SEATTLE — The Seahawks bailed out the NFL and its officials on Sunday. They spared football fans from endless grotesque replays of 49ers linebacker NaVorro Bowman clutching a fumble recovery at the goal line while one of his legs curved in an unnatural angle under another man’s body. If it weren’t for a dubious decision by Pete Carroll and the subsequently botched handoff between Russell Wilson and Marshawn Lynch, Seattle wouldn’t be getting its due as a Super Bowl team today. Instead, the men with whistles, and the inane rules that govern their use of technology, would be on trial.
The Seahawks led 20-17 with about 8 1/2 minutes left in the NFC title game when Bowman stripped the ball from receiver Jermaine Kearse at the 1, rolled backward with it in his grasp and fell to the ground, where he refused to be separated from the ball even as parts of his left leg disconnected from each other. A Seahawk grabbed it from a howling Bowman after the play should have been over, and the officials missed the pertinent details in the messy scene.
They gave possession to Seattle and then told 49ers coach Jim Harbaugh that they couldn’t review the play. If he threw a challenge flag, they said, he would lose a timeout and gain nothing. Once a fumble has been called, according to NFL replay rules, the initial decision about who recovered it cannot be overturned.
“This is the second time this has happened this year, and I’ve been told that they (the NFL) will look to make this reviewable,” former vice president of officiating Mike Pereira said in his role as a Fox analyst.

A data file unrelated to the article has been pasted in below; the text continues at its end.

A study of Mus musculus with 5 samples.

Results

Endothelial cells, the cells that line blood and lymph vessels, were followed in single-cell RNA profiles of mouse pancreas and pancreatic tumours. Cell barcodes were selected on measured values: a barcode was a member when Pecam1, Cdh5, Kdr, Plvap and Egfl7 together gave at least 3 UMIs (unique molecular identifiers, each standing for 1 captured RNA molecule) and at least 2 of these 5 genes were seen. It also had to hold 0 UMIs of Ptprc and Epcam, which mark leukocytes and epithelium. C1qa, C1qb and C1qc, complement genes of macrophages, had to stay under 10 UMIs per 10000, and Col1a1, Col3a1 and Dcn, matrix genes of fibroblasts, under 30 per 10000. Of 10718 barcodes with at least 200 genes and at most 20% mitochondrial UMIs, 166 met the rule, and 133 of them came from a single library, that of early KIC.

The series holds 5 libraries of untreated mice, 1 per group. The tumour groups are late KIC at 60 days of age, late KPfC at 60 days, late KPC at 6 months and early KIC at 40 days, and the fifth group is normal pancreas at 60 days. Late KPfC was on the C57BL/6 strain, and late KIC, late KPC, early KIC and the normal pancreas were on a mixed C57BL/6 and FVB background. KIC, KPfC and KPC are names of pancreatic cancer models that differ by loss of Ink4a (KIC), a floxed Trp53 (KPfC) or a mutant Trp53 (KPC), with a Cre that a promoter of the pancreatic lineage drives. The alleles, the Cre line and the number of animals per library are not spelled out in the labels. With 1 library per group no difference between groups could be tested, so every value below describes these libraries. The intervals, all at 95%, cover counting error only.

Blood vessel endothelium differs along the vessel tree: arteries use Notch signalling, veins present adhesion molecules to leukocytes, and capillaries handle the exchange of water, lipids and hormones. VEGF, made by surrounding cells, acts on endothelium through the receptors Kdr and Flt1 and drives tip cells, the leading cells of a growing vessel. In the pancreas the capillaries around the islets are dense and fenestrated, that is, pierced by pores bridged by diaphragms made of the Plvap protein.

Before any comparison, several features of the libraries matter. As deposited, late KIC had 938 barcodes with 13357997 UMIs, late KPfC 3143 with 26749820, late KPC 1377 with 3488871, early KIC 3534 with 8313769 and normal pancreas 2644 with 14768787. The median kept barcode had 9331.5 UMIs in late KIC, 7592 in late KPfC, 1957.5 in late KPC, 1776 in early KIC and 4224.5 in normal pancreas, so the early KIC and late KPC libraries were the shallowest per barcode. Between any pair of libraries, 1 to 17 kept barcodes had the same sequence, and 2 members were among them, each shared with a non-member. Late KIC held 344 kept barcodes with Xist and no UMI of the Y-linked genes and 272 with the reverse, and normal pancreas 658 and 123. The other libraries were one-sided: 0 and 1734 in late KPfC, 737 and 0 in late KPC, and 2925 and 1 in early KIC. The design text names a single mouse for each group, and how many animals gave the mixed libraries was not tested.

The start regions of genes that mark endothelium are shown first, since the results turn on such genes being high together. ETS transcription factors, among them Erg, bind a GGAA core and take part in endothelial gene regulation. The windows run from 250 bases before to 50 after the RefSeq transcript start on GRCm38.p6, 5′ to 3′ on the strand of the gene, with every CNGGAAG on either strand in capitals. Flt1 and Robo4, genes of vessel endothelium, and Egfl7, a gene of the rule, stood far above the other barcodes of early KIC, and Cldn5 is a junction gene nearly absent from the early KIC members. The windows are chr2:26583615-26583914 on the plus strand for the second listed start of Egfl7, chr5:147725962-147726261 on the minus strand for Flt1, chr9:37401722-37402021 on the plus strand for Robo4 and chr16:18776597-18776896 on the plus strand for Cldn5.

Then Carroll came through, going for it on 4th-and-goal from the 1 rather than settling for a field goal and a 23-17 lead. The fumbled handoff sent the ball tumbling backward, giving the 49ers a first down at the 15. All the officials had cost them was 9 seconds on the game clock.
“I can’t say that that had any factor in the game because of what happened on the very next play,’’ Harbaugh said.
Since 49ers quarterback Colin Kaepernick still had two interceptions in his holster, one might argue that the call would have been rendered moot even if the Seahawks had scored immediately after a medical cart took Bowman away. But the score would have been distorted at that point, possibly altering the 49ers’ offensive choices.
The call would have swiped Seattle’s stage, muffled the NFL’s trash-talking laureate, Richard Sherman, and undermined the Super Bowl. It would have tainted a thrilling conference title game that Harbaugh aptly called “a 15-rounder.’’ Instead of relishing footage of Richard Sherman tipping Colin Kaepernick’s final pass of the season to a teammate in the zone or savoring a sublime 4th-and-7 touchdown pass from Wilson to Kearse, we’d have to debate whether the right team won, why the NFL takes vital tools out of the hands of its officials in certain situations and why, in a season where they seem to have gone more wayward than ever, the officials didn’t get the call right in the first place.
Aside from the general absurdity of the situation, the sight of Bowman’s contorted leg would have lit the controversy for TV all week along.
The Seahawks deserve better. They deserve a controversy centered on Sherman’s lunacy. (Abomination? Antidote to the league’s say-nothing blandness?) They belong in the Super Bowl. They didn’t need a gnarly present from the officials. So they re-gifted it, using different wrapping, and gave themselves the right to celebrate without a doubt.